Friday, January 13, 2006


Thursday the temprature reached up into the mid-50's. I saw a number of cyclists out, but I was stuck at work with a bunch of crabby people. So, Friday morning I vowed to get in a ride.

Waking up the temperature was 38 and it was raining. With fenders and a raincoat things should be fine. It was to be an interesting test of bike and rider.

Starting out, with the wind at my back, the ride was very pleasant. There was no rain on my face and the fenders keep the road water where it belonged, even when riding through puddles. At the turnaround, things got nasty. The temperature had been falling and the rain drops were turning to ice. Little daggers were attacking my face and I had to keep my windward eye shut. It was also at this point that I realized that my winter gloves weren't waterproof. Wet fingers and the now freezing temperature combined to make my digits numb. It was hard to work the shifter, small motor skills were declining. Each finger would take a turn in the heart of the glove to to take the edge off the numb, and then swap for another. This strategy was staving off the worst, but hardly a substitute for warm hands.

It was here that the bike showed what was right about its design. When physical discomfort or fatigue set in, little issues get magnified. An uncomfortable seat, tendonitis, poor fit, will all begin to feel unbearable. But there was none of that. Moreover, when a rider is tired or sore or, in my case, suffering from a lack of feeling in the hands, bike handling and stability become much more important. I could concentrate on keeping my hands from freezing and trust the bike to get me home - and when you're on the edge, thats a nice feeling.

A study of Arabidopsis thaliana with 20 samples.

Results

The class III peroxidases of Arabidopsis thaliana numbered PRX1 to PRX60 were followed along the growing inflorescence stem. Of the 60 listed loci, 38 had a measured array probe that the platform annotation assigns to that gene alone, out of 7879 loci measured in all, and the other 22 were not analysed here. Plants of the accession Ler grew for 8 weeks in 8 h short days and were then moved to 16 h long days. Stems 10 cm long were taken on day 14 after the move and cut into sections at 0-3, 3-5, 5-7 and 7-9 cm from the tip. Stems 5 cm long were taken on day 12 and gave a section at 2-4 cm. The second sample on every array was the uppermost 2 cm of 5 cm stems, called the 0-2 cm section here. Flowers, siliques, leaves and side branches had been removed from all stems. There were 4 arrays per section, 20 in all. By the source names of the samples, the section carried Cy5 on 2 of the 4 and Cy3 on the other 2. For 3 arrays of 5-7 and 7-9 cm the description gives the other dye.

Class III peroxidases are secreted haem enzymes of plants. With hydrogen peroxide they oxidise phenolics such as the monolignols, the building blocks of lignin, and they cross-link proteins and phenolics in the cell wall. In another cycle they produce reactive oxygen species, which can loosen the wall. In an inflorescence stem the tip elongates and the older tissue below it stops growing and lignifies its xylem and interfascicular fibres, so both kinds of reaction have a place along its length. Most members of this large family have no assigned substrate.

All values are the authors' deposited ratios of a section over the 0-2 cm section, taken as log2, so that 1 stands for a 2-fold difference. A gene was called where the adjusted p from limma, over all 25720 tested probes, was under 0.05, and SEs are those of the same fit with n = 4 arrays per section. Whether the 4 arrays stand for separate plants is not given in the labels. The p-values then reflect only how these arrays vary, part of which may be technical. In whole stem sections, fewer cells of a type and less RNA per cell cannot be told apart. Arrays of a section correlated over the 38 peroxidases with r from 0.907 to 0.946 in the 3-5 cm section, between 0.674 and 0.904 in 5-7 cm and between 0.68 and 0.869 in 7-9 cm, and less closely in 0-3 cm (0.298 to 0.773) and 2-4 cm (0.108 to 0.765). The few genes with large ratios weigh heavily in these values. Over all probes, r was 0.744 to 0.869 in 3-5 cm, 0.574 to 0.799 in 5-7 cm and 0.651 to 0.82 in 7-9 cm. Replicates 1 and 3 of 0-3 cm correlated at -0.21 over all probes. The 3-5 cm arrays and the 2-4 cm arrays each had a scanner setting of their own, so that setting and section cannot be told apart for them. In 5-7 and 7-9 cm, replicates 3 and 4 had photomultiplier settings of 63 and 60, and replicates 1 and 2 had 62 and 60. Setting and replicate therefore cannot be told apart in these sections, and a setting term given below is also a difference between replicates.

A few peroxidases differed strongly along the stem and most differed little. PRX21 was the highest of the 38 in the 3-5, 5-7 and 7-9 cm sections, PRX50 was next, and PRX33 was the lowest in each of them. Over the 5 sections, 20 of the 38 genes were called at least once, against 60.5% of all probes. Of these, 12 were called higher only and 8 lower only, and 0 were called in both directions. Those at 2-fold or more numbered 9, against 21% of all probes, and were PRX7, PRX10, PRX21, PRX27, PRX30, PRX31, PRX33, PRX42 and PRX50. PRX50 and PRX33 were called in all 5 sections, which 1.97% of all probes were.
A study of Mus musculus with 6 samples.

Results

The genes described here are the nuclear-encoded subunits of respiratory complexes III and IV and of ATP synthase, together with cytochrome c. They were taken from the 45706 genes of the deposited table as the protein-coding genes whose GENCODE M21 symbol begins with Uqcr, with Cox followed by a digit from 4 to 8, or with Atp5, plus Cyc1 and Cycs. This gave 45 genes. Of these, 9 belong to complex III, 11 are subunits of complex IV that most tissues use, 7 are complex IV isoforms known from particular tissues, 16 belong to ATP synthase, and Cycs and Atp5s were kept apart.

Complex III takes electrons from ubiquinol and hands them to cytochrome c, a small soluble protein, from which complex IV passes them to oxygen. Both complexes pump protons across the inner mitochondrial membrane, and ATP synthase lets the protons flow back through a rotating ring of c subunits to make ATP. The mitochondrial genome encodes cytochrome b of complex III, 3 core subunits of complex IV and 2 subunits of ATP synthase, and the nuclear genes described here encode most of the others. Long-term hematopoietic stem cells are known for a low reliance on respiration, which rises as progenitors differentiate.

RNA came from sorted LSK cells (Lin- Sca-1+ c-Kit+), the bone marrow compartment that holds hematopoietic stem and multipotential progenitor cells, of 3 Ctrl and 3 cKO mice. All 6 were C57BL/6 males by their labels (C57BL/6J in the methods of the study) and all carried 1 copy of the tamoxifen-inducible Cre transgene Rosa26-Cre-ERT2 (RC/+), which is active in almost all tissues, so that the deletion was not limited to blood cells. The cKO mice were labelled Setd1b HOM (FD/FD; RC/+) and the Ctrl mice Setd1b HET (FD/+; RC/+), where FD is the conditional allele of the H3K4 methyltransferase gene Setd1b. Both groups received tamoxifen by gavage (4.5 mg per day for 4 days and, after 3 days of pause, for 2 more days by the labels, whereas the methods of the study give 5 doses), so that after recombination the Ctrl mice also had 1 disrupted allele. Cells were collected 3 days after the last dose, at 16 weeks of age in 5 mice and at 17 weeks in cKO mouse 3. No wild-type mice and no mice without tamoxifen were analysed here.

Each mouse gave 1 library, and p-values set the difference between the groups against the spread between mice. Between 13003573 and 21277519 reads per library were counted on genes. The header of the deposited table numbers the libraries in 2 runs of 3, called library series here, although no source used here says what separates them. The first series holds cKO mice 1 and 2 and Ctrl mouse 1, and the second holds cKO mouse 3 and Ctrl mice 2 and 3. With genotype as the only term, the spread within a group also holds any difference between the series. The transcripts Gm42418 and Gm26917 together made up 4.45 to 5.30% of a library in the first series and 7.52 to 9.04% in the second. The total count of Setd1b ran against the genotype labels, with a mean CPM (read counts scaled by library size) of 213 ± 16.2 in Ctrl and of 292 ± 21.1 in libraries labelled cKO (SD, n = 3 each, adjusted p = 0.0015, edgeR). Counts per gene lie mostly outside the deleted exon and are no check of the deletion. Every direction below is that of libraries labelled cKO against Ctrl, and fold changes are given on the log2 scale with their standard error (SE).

The bike was changed, however, since the last ride. I'd replaced my aerohead wheels with a set of MA3 on record wheels. My skewers were missing and I replaced these with a set of American Classic skewers from ebay. And from there came my second problem of the ride. The rear skewer just didn't want to hold my rear wheel in place. Eventually I tightened it more than seemed prudent, but it held. At that point it also became clear that there isn't any positive lever stop for the closed position. It appeared I could keep closing the lever until it would hit the spokes (not an option that I tested). Moreover, that as the lever closed farther, it was over-center and thus at less than its maximal tightness.

In response, I twisted the lever so that it closed against the seat stay. This doesn't leave much room to grab the lever to open it. And it may rub off the paint on the stay. Obviously this isn't a long term solution. Now, I'll grant you that this is probably a poor skewer choice for the bike. After all these are very light weight as for a racing bike. Still, I didn't know that there could be such deviation in basic functionality of a skewer. Anyhow, these will probably go on the carbon bike to minimize its weight. Meanwhile, they will get some shop time to see if there is a tweak to improve them.

Shifting in the lower gears was a little off too. The wheels have an almost new cluster (again from ebay). But, I didn't expect it to give problems. When I looked back at it, I could see the problem. Starting from the big cog, the #2 & #3 cogs were spaced much closer together than the rest. I'm not sure why. But, there's another shop project.

So, a couple of minor mechanicals to deal with, but overall a solid bike for the ride. By the way, freezing fingers and all, this was much more fun than spinning class.